We hit with the Dirty South DNGR and KAMO BBCOR BBCOR Bats. We compared them to the Easton MAXUM as well as the Slugger Meta in head to head competitions. Results were similar in terms of exit speeds although the player preferred the 2020 Meta. As well, the DNGR and KAMO swing heavily for the sizes we tested them in. In fact, the KAMO was one of the heaviest swinging BBCOR bats we’ve yet swung in 32-inch BBCOR.
2020 DNGR Models
For the Dirty South KAMO and DNGR the players loved the barrel size. These single-piece composite bats have some of the largest barrel profiles in the business. As well, the stiffer feel of a single piece gave good feedback.
Unlike the MAXUM, which is also a single-piece composite bat, the KAMO and DNGR swing very heavy. So, if you are looking for a single piece composite bat but would like a real end load in BBCOR then the Dirty South line of BBCOR bats should do you well.
Reviews By Model
The most comparable bat, in terms of makeup, is the 2020 Easton MAXUM. That bat is also produced directly by JustBats in one called the Combat B2 and an almost unheard of company called the Army of 9. Each of those is single-piece composite bats with big barrels.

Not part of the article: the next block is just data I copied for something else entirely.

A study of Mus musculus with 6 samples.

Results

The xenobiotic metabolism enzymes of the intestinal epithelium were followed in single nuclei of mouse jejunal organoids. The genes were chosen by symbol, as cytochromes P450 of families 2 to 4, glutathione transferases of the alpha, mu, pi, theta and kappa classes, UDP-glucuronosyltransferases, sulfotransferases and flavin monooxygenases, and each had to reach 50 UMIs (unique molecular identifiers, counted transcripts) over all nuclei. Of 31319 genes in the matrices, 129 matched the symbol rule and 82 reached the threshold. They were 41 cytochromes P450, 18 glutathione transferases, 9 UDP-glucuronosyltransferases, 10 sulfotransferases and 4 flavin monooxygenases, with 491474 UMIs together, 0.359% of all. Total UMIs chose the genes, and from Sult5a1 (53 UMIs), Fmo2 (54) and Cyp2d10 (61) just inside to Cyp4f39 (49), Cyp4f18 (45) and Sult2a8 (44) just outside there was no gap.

The biggest difference, however, is that the BBCOR versions of Dirty South bats are end-loaded. The Maxum and B2, on the other hand, are some of the lightest swinging bats on the market.
Dirty South makes no bones about producing the same bat with different designs. The KAMO, DNGR, Sniper, and Dirt Demon are all the same bats. There isn’t anything different between them other than the paint job.
This isn’t deceit because DSB is upfront about it.
Do note, however, the USSSA and USA versions of the Dirty South Bats are not end-loaded bats like we found the BBCOR versions of the bats to be.